By Phyllis D. Thompson
Based on Jack H. Olender’s Oral History for the D.C. Circuit Historical Society
His advertisements call him the “King of the Malpractice Bar.” Adversaries have said that he seems arrogant and even vindictive in the courtroom, and he admits to being tough and sometimes destroying his opponents’ expert witnesses. But readers of the oral history of Jack Olender will be surprised to learn that, in private, he is a shy and remarkably self-effacing lawyer who credits intense preparation, thorough investigation, and lessons learned from scoldings and defeats as a fledgling litigator – not courtroom technique – for his longtime success as a personal injury lawyer.
Olender is the son of an Eastern European immigrant father who never graduated high school and who began his grocery business with a pushcart, and of a first-generation-American mother whose family earned a living by selling dairy products from the first floor of their home in Ohio. Olender was born in the steel mill town of McKeesport, Pennsylvania, near Pittsburgh. He made signs and displays for his father’s store, and his father urged him to go to art school to become a commercial artist. Instead, he studied accounting at the University of Pittsburgh, coursework that he was told would help him think logically. He graduated summa cum laude, and though accepted to Harvard Law School, he chose to attend law school at Pittsburgh so that he could remain close to home and help with the family business. That, he says, is probably what resulted in his becoming a personal injury lawyer rather than a New York law firm associate. But he also settled on personal injury law out of a belief that it is noble to get money for people who are hurt. Readers will be interested in his eloquent explanation of why he opposes caps on personal injury damages.
After losing one of their sons in a sledding accident and another to the flu of 1918, Olender’s parents were very protective of him. He was not allowed to have a bicycle or to travel in other teens’ cars to high school debate tournaments. He compensated by turning his energy to his studies and to hard work. The key to his success, Olender explains, is the knowledge he developed by obtaining a master’s degree in forensic medicine, regularly reading medical journals, and frequenting medical conferences (even when he was not welcomed by medical professionals in the audience whom he had sued on behalf of his clients). His graduate studies led him to publish articles on the evaluation of pain and suffering in personal injury cases. He is fully conversant about labor and delivery procedures, making it small wonder that in 1976 he won a landmark $2.5 million verdict in a case called Janetta Moore v. Washington Hospital Center, the first over-$1-million verdict in the country in an obstetric malpractice suit. Might this case have been the inspiration for the 1982 Paul Newman movie The Verdict? In any event, Olender is gratified that a hospital executive told him that the suit was the best thing that ever happened to “shape up” hospital obstetrics departments. He also takes it as a high compliment, and as a sign that he is doing his job, that local physicians have anonymously referred injured patients to him as potential clients.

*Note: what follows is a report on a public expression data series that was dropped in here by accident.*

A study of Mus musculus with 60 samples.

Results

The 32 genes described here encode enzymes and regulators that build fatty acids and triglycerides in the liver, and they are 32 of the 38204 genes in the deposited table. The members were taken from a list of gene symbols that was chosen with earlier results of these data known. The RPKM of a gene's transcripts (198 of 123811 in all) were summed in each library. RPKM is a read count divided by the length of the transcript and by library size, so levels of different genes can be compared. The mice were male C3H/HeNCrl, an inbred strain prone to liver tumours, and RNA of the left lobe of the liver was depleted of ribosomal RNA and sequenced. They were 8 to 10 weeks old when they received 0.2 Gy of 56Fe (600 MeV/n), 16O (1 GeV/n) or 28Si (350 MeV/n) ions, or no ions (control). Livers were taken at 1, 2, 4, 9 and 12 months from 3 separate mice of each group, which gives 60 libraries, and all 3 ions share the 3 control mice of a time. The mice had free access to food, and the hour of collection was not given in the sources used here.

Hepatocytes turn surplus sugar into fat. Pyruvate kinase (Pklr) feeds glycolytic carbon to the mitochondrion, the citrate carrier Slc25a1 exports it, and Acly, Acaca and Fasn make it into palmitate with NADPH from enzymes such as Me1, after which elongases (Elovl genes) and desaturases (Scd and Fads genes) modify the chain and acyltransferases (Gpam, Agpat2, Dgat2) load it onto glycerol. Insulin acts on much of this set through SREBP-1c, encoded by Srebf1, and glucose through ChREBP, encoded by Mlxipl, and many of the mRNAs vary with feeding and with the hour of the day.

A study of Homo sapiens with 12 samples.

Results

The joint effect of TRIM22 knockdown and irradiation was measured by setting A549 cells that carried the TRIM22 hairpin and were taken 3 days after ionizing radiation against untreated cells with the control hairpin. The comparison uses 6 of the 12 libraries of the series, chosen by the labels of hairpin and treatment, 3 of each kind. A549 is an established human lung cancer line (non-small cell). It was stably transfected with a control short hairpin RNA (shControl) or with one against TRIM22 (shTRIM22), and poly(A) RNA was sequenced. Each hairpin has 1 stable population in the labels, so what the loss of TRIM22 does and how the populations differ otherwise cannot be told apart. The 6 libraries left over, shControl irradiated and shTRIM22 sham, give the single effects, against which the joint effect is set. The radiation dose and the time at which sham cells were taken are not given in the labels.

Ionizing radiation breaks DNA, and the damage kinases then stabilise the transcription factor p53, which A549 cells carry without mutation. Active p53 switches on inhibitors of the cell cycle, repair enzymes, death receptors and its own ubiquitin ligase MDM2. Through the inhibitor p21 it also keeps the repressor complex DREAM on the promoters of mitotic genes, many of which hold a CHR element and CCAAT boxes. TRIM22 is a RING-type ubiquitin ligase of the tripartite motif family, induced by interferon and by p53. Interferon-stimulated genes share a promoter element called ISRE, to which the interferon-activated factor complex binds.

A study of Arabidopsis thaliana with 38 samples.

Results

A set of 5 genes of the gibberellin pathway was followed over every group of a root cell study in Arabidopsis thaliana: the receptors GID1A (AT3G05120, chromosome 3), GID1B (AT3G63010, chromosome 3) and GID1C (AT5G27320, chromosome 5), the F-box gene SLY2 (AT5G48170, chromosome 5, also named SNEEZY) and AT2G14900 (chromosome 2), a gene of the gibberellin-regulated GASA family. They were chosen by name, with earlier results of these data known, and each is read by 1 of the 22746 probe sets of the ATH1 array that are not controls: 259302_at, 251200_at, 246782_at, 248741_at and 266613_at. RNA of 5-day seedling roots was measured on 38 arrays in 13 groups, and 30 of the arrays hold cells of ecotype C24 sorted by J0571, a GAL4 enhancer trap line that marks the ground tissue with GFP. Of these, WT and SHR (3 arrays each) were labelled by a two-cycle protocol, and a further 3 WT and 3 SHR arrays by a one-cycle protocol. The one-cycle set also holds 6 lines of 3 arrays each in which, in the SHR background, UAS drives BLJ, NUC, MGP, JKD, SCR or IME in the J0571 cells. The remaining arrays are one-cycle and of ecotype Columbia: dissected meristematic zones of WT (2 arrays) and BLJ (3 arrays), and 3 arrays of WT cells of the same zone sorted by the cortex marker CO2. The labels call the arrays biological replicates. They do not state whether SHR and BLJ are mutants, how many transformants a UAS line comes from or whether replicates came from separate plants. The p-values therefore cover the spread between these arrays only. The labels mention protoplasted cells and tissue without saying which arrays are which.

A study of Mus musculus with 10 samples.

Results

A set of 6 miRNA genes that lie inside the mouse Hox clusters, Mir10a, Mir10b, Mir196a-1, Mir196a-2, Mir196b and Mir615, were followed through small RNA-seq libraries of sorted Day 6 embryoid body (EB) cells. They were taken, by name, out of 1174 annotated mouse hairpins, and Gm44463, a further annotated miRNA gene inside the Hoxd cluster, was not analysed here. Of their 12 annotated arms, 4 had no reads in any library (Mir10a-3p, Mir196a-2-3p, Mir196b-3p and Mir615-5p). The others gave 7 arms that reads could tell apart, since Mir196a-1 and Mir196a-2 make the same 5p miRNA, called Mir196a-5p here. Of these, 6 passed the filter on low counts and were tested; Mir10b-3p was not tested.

Early in his career, Olender understood the challenges faced by minorities seeking to enter the legal profession; he recounts how, to be admitted to the Pennsylvania bar, a law graduate had to first complete a preceptorship, a practice used by some to exclude Jews, Italians, and African-Americans. Those interested in how to achieve diversity in their law practices will want to read about how Olender recruited a pool of talented African-American women attorneys for his small personal injury law firm, an outcome that is impossible not to notice as one views photos in the firm’s reception area. Some of the firm’s success in that regard can be traced to a scholarship program Olender created for the benefit of students at the University of the District of Columbia David A. Clarke School of Law and the Howard University School of Law.
Olender also created the Olender Foundation, consciously embracing the core value his father taught him by example: the importance of being charitable. The reader will enjoy the story of how Olender learned the importance of charitable giving as a young boy on a stool at his father’s store counter, where he was tasked with writing the checks for his father to sign to make the scores of donations that his father gave at the end of each year.